Charges by John Crudele in the New York Post that the U.S. Census Bureau fudged the monthly unemployment numbers a couple of months before the 2012 election are not persuasive.
First, according to the Census’ statement today, Julius Buckmon, the individual quoted in the New York Post story “left” the Census Bureau payroll (on what terms we don’t know) in 2011; so he hardly was in position to fix the numbers the following year in a September, 2012 monthly report.
Second, there is no corroborating evidence of statistical skullduggery. Reading between the lines, there would seem to be a job performance issue here that is personal, not political.
Third, the ability of one minor functionary to change the numbers is very small. Mr. Buckmon didn’t have that big a role in his regional office. For example, he didn’t consolidate the major numbers reported to the Bureau of Labor Statistics.
Fourth, as AEI’s Pethokoukis points out, the Philadelphia region where Mr. Buckmon supposedly skewed his numbers (with directions from someone else), actually reported an increase in unemployment that month. If Buckmon was finding employed people who didn’t exist and reporting them, why did unemployment go up, rather than down, in the affected region?
Fifth, the unemployment reduction reflected in the September, 2012 household survey is in sync with the Bureau of Labor Statistics’ trend data in the establishment survey that provides an alternative measure of employment.
Sixth, those who say that the White House must have been responsible, since it brought the Census under its direct supervision in 2009, dropped a page out of their contemporary history book. The new Obama Administration tried to take the Census under its wing, but failed after a public outcry by, among others, myself, as a former Director.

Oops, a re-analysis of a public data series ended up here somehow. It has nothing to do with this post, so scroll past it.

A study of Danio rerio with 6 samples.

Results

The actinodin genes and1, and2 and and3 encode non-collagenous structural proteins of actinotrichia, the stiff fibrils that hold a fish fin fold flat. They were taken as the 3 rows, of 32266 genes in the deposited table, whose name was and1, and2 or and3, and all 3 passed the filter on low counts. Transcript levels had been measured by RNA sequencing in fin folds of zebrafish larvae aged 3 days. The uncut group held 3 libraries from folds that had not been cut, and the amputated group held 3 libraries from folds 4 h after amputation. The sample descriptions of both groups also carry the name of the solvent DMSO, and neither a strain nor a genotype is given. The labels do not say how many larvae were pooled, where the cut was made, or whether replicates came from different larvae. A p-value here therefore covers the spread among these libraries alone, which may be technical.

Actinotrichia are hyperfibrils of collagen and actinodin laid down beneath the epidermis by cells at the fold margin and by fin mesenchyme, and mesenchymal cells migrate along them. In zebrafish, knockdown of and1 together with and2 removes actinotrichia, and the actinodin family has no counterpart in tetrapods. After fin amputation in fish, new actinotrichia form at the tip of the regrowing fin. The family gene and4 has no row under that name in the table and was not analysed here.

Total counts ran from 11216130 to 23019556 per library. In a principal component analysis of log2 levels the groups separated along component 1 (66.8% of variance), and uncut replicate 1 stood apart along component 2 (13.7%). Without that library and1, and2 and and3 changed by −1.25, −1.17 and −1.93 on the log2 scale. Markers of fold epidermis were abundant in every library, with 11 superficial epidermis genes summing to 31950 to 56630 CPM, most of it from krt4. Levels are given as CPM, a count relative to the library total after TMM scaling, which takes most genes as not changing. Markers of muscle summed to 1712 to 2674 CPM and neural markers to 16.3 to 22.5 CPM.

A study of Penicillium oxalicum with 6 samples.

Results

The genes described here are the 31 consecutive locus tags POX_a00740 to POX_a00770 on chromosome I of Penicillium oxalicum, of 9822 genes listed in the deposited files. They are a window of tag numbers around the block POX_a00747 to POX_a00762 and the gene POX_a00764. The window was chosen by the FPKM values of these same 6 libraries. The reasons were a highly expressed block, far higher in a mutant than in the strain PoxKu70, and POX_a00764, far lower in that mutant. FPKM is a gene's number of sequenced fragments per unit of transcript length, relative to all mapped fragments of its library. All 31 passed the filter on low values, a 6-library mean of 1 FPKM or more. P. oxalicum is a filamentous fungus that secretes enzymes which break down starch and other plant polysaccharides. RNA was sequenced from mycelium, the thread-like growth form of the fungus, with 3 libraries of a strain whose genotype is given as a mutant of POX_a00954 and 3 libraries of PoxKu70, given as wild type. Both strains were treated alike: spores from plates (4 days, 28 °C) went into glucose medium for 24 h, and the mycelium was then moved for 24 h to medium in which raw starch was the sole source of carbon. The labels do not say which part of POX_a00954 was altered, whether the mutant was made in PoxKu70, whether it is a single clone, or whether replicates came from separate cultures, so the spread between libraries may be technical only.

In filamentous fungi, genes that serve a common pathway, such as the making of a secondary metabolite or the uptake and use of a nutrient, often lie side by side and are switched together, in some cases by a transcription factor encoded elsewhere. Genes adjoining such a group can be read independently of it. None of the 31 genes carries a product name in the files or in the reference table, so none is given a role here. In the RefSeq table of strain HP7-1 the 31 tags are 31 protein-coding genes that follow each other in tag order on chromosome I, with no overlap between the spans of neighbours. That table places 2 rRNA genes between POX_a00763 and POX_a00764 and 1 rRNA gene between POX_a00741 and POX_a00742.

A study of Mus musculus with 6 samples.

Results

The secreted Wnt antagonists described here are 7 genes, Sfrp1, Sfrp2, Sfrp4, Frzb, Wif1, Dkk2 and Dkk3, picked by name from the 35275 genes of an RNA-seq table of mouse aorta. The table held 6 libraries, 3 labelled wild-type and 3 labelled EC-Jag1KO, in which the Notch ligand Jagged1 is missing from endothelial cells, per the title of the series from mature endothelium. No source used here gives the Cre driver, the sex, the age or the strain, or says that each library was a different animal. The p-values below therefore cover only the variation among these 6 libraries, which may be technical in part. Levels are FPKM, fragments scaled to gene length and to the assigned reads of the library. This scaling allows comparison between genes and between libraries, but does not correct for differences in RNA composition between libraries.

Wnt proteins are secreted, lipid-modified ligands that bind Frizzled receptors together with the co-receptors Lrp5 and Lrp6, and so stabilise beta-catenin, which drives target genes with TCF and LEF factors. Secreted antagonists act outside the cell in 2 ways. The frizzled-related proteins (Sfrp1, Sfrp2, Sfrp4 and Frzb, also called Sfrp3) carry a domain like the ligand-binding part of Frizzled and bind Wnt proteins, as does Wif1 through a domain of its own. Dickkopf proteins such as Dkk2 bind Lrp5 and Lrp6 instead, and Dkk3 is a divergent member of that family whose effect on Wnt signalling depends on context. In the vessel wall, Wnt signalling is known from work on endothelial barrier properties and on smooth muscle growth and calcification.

Seventh, the Census Bureau, whatever its failings, is justifiably jealous of its reputation for integrity and is ardent about deserving and protecting that reputation. Repeatedly one sees the statistical community rise up to fight any political intrusion. Congress and the President may pass laws describing what kind of data the Bureau collects and how it collects it, but the process of collecting and reporting the resulting data is not easily manipulated. In this case, for example, wrongdoing would be caught in the various checks laid down by other Census personnel who care a lot more about the accuracy of what they do than about the image of politicians. The conspiracy would have to be pretty deep and far reaching–and indifferent to the long standing culture of the Bureau–to succeed.
Eighth, the inspector generals of both the Labor Department and the Commerce Department (where the Census Bureau resides) have these charges before them and will report. You also can be assured that the House Oversight Committee for the Census (Chaired by Rep. Darrell Issa) are looking at this closely. I suspect that they are likely to find that there are far more profitable subjects to investigate. Like, say, Obamacare.